Day’s distance / Total distance – 291 miles / 934 miles
When I left the hotel, it was 55 with high clouds. It was a beautiful morning.
The hotel is located on Hwy 40, the beginning of the Kananaskis Trail over the Highwood Pass.
It was about 9:30 when I left the Stoney Nakoda Resort. I had a great discussion with the hotel manager, Lino Toppazzini, about my stay. He is well-spoken, considerate and, on top of that, rides. We talked about motorcycles and a huge rally that the hotel supported.
I would stay there again anytime I was traveling along the Kananaskis Trail.
Almost immediately I knew I would like this highway.
While it was dry at this point, later it would begin to shower. I took photos while I could. Here are some of the highlights.
The road surface was very wet at the summit.
I stopped to put on my rain layer, when I noticed three bears across the highway. Before I could get the camera ready, two ducked out of sight. I managed to capture the third before a truck came along and scared them off.
It’s always exciting to see wildlife so close, and in the wild.
With rain gear on, I continued down the south side of the pass.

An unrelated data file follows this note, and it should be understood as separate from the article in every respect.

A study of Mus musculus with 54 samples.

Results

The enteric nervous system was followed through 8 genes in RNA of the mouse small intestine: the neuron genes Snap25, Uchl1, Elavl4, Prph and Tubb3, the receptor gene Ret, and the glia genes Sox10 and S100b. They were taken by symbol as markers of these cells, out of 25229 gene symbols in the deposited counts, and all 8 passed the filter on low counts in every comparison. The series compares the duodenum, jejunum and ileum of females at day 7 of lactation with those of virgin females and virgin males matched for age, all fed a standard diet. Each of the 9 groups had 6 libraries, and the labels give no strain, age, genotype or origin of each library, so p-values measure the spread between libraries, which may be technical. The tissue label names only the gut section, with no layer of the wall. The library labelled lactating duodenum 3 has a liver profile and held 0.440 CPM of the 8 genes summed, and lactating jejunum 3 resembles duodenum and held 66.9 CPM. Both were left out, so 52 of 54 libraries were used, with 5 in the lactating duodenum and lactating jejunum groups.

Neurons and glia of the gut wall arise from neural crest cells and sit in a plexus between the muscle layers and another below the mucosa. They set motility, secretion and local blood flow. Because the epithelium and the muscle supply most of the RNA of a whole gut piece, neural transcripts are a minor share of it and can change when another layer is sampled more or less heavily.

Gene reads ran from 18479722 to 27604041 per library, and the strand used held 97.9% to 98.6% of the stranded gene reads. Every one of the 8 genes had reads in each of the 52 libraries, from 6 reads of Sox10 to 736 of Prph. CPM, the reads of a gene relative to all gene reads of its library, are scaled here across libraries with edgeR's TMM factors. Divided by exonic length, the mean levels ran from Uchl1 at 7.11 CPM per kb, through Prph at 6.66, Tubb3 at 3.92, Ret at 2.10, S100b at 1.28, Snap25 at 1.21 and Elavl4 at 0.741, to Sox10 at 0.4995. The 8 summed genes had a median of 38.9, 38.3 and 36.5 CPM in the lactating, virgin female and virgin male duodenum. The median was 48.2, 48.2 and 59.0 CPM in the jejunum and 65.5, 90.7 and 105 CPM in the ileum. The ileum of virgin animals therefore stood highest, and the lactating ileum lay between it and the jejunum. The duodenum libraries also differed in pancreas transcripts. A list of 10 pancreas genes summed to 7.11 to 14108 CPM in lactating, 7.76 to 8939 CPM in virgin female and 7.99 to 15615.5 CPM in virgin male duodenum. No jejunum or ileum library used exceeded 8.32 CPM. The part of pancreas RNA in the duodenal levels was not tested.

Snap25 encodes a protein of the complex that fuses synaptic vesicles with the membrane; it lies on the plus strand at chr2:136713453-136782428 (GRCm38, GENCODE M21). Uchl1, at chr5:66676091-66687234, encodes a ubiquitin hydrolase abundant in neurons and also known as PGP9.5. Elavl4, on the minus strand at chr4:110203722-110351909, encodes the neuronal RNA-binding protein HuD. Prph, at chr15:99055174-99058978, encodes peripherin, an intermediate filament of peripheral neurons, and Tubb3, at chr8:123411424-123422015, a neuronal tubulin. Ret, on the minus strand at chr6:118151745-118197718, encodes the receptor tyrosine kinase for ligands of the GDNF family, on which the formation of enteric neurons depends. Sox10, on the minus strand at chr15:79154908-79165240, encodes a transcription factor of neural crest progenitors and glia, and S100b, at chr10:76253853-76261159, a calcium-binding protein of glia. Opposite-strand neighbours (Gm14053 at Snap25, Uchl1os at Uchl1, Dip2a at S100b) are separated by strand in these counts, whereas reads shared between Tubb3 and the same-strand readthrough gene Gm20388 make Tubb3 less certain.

The Kananaskis Trail is roughly 100 miles and, if traveling south you end up in Longview, AB. I fueled up there (super inexpensive gas!) and continued on my way to Medicine Hat.
The scenery changed to low hills and farm land.
As the day worn on, the geography became flatter and the winds stronger. Welcome to the plains.
The temperature at this point was 75. I stopped to take off my mid-layer and stretch my legs.
I arrived in Medicine Hat about 4:30 local time. I was able to workout before choosing to eat at the Rustic Kitchen. I had the North Fork Ranch Elk Ribeye with a Saskatoon Berry Port reduction.
I had a bite out of one of the aged white-cheddar perogies before I remembered to take a photo <oops>. Everything was locally sourced and super yummy..
Another great day. Tomorrow I continue down the Trans-Canada Highway to Regina. I expect no precipitation and strong winds.
I live a charmed life <eh> 🙂
One note for travelers in Canada
Canadian businesses use a small, sometimes handheld machine to process credit card purchases. If the processor gives you the option of converting the bill into the consumers ‘home currency’, don’t do it. They add a 4% fee for the conversion. It’s the ultimate in sleezy business practices.
The hotel processor last night offered me that option and it wasn’t until I examined the conversion myself that I realized a fee had been added. The hotel manager double checked with me this morning (because he didn’t know) and confirmed the added fee. I was provided a generous credit back to my card. Very cool, Lino – thanks, again.
Most credit cards these days, including both the cards I carry, convert purchases in a foreign currency at no charge.